Me Too

At first glance, Me Too is a typical romantic comedy. Daniel meets Laura. She’s attractive, rebellious, and a little trampy. They hang out, have fun together, and he falls hard for her. The unexpected part is that 34-year-old Daniel has Down syndrome. While Daniel is definitely extraordinary—a college graduate who holds sophisticated conversations—he still has to deal with others’ perceptions of him. As Daniel and Laura grow closer, their emotions take them into unfamiliar territory.

Part of the pleasure of Me Too is watching two complex, playful characters on-screen—both Pablo Pineda and Lola Dueñas inhabit their roles completely and are dynamic together. But what this film beautifully realizes is the unconventional relationship between these two unlikely characters. It’s a bond that doesn’t compute from the outside, but for those lucky enough to see the details, it’s evident what makes these two shine when they’re together.

The Women on the 6th Floor

Paris in 1960. Jean-Louis and Suzanne Joubert are no longer exactly youthful. This stockbroker and his wife live a quiet, middle-class existence in an elegant tenement building. You might even describe their lives as dull – especially since the children have been packed off to boarding school. Things are a good deal livelier on the sixth floor of their building where all the female staff live. The most recent arrivals are ‘guest workers’ from Spain: six women of different ages from Burgos. Jean-Louis finds himself increasingly drawn into their world – a world that is so different to his own. The main reason for his fascination is Concepción, a mature but still attractive Spanish woman for whom this man, who is somehow greying both outside and in, develops a quiet passion. He also develops a genuine interest in her colleagues, and this sees him popping upstairs to the sixth floor with increasing regularity in order to enjoy the refreshingly different, friendly atmosphere that prevails. But the more he learns about this different world, the more difficult it becomes for him to return to his own marital home. Naturally, Jean-Louis’ behaviour arouses his wife’s suspicion and jealousy until finally, Suzanne throws her allegedly philandering husband out of their apartment. Her husband isn’t too concerned however because it just so happens there’s a room available on the sixth floor. And it doesn’t bother Jean-Louis in the slightest that the vacant room is in fact only a larder … [Synopsis courtesy of the Berlinale]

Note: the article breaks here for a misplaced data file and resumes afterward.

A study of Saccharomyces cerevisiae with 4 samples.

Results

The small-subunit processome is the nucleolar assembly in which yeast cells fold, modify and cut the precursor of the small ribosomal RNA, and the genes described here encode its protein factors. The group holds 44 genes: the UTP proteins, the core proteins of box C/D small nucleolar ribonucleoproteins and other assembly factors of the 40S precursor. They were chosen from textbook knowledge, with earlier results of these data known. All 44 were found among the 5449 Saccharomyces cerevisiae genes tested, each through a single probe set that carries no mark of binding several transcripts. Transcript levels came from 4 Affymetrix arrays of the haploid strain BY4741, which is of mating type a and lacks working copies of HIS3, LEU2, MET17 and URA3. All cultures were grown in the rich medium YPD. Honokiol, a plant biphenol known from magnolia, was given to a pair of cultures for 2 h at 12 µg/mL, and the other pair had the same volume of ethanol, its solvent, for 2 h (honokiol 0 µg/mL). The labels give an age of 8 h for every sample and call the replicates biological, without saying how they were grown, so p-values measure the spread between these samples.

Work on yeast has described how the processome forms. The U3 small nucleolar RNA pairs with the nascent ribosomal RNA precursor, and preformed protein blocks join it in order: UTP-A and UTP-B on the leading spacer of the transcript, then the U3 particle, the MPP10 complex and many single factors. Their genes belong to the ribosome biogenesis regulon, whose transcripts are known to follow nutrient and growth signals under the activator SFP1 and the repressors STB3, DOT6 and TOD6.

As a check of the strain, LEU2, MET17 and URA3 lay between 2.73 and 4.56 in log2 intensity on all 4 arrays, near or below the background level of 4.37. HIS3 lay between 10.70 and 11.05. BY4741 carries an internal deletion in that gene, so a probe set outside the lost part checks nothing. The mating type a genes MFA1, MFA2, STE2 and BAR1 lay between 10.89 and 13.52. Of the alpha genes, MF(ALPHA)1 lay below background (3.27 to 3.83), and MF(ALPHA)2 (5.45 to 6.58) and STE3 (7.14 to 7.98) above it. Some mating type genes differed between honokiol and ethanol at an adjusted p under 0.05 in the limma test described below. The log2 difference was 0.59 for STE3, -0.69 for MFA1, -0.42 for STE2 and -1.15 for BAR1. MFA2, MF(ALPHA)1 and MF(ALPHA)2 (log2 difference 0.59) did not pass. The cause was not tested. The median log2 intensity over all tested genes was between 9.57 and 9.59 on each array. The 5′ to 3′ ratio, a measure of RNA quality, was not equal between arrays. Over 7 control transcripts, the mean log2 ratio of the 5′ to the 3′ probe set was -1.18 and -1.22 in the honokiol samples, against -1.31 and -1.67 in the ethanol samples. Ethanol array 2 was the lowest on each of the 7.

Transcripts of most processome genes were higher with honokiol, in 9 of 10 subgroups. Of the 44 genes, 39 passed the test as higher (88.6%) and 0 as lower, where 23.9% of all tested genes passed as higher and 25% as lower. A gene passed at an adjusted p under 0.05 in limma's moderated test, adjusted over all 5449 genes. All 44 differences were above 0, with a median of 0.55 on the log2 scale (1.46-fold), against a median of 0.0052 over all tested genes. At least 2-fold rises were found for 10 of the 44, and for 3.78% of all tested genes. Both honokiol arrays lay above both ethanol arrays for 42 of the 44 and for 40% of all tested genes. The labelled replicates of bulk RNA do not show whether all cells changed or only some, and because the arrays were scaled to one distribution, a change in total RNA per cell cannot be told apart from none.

Broken Embraces (Los abrazos rotos)

A man writes, lives and loves in darkness. Fourteen years before, he was in a brutal car crash on the island of Lanzarote. In the accident, he not only lost his sight, he also lost Lena, the love of his life. Broken Embraces is shot in the style of a hard-boiled 40s and 50s American film noir.

Alleluia

Manipulated by an oppressive and jealous husband, Gloria runs away with her daughter and restarts her
life far from men and the world. Encouraged by her friend Madeleine, Gloria agrees to meet Michel via a dating website. Something happens between them at first sight. Michel, a small time, bottom
of the range crook is disturbed and Gloria falls hopelessly in love. Michel leaves out of fear but Gloria tracks him down and makes him promise never to leave her again. Desperate to save this love, she abandoned her daughter and decided to pose as Michel’s sister so he could continue his little scams. But jealousy gradually blighted Gloria’s life… [Synopsis courtesy of Director’s Fortnight]

Suzanne

Like the titular song by Leonard Cohen, Suzanne is ultimately about a state of mind, a study in finding a sliver of grace amongst the heaps of garbage life can throw at you. Suzanne is close to her family, but between her widower father and her quiet sister, she is the troublemaker of the bunch. Restless and quixotic, her forgiving family endlessly endures the consequences of her dreams, her whims, and her bad choices. Largely set in 1990s Marseilles, the story elliptically pogo-dances through 25 years of Suzanne’s turbulent life: childhood, early pregnancy, single parenting, and above all, her driving love for an aspiring bad boy. [Synopsis courtesy of COLCOA]

Volver

Revolving around an eccentric family of women from a wind-swept region south of Madrid, Raimunda (Penelope Cruz) is a working-class woman forced to go to great lengths to protect her 14-year-old daughter Paula (Yohana Cobo). To top off the family crisis, her mother Irene (Carmen Maura) comes back from the dead to tie up loose ends.

Talk to Her

Director Pedro Almodóvar tells a story of loneliness, intimacy, secrets, infidelity and the difficulty of communication between sexes. Typical of the Spanish director, Almodóvar puts the women in the middle of the action, however, it’s a male correlation that arises from the story.

I’m So Excited!

A technical failure (a kind of justifiable negligence, even though it sounds contradictory, but that’s what human actions are) has endangered the lives of the passengers on Peninsula Flight 2549. The pilots, hardened, experienced professionals are striving, along with their colleagues in the Control Center, to find a solution. The flight attendants and the chief steward are atypical, baroque characters who, in the face of danger, try to forget their own personal problems and devote themselves body and soul to the task of making the flight as enjoyable as possible for the passengers, while they wait for a solution. Life in the clouds is as complicated as it is at ground level, and for the same reasons, which could be summarized in two: sex and death.